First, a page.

From: The Missouri Review
Volume 36, Number 2, 2013
pp. 156-176 | 10.1353/mis.2013.0034


My mother often speaks to me of my lost brother. Twelve years my senior, brought to this country an immigrant. How he came with knowledge of perhaps ten English words and was fluent within a year. How he was a naturally gifted athlete—baseball, football, basketball. How much he loved me, how protective of me he was. Very occasionally, she will speak of his death. How a careless driver glanced away from the road for a long moment, and the result is that I am an only child. My brother died instantly, my mother says. No long hours in the hospital. No plug to be pulled.

I was just two years old when he was killed and so have no memories of my own. Perhaps faint traces and sensations. A strong arm around my shoulders. Skin the color of sanded oak. An air of competence, a thoughtful manner.

My mother tells me how Benji was respectful of her, of his teachers, his coaches. Looked up to by his classmates. A good brother, she says. A good son.

"Focus, Yoshi. You need to focus."

Coach Anderson is always telling me this, in these words or others.

"I'm focused. Who says I'm not focused?"

"You're supposed do that stretch twice for each leg. Instead you've been bouncing back and forth between the two for five minutes. Where's your head, Yoshi?"

Where is it? Moving between so many places that it isn't anywhere. Wandering. A blur.

"You ought to be warm by now, anyway," he says, heading toward the starting line.

I'm the last to join the row of boys. They bounce nervously from foot to foot, moving their arms like windmills, taking deep breaths and exhaling through pursed lips, preparing themselves for the four laps. I stand at the ready, looking sideways down the line. Though I'm just under six feet and tall for being Japanese, most of them are taller still.

I watch as they settle into their stances; my eyes then drift beyond them. There is the plain taupe façade of my high school, the hulks of the buses idling out front. Beyond, I know, is the rest of Shoreline—the strip malls, the gas stations, the used-car lots. The stink of Puget Sound. I have lived here all my life and yet have never truly thought of it as my home.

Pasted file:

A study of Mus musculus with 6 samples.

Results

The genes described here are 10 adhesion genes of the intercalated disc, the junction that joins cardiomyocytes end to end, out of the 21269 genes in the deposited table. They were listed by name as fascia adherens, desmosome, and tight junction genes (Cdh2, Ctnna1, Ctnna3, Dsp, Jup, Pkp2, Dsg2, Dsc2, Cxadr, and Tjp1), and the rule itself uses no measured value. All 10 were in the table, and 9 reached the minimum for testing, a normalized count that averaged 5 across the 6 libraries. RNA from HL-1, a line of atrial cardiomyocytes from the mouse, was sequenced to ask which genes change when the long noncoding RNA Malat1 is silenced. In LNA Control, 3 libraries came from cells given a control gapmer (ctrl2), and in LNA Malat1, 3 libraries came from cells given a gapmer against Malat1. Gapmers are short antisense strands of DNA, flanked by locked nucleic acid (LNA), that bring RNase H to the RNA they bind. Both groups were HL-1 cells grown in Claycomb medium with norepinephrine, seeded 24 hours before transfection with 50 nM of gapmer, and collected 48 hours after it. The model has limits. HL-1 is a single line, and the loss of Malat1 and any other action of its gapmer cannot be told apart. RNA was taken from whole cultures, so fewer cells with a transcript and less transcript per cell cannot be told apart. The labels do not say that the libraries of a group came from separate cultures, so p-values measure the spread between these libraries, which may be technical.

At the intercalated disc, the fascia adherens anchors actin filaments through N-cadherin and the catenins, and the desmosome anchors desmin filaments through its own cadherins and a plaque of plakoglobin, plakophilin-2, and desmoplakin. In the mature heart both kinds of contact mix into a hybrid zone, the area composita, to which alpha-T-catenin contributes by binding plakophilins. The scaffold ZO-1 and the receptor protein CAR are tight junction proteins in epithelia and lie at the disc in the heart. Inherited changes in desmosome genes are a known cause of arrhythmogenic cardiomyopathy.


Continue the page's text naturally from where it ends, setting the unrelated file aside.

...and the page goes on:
The crack of the starting gun draws my attention back, and it takes me a full second to realize that I've just missed the start. I surge forward late, glancing at Coach Anderson's face. He's a short man, always carefully groomed, deliberate and economic in his movements. His lips are pursed, eyes still on me, arm still lofting the starting gun to the sky. He does not have to speak for me to know what he's thinking.

It takes only a few seconds to find my flow. Arms pumping rhythmically, feet pounding dust, breath in and out as regular as any metronome. My head continues in its constant tumult, thoughts whispering over one another, each trying to be heard. I think of my dead brother. I wonder at the impossibility of it, that I am now older than he ever was.

I think of my father. How is it fair that I must live without him, when most of these other boys have the constant presence of their own fathers, some of them in the bleachers even now?

It takes only half a lap for me to overtake the others. By the time I pass Coach Anderson again, they have all fallen behind. That is when the miracle of exertion begins to manifest itself. Where there were many voices before, I can now hear only one at a time.

How Japanese am I? How American? Can I live here in Washington State, on the western coast of America, and still be mostly Japanese? Can I have this body, this skin, these eyes, and still really be an American? Or can I be both, as my citizenship attests?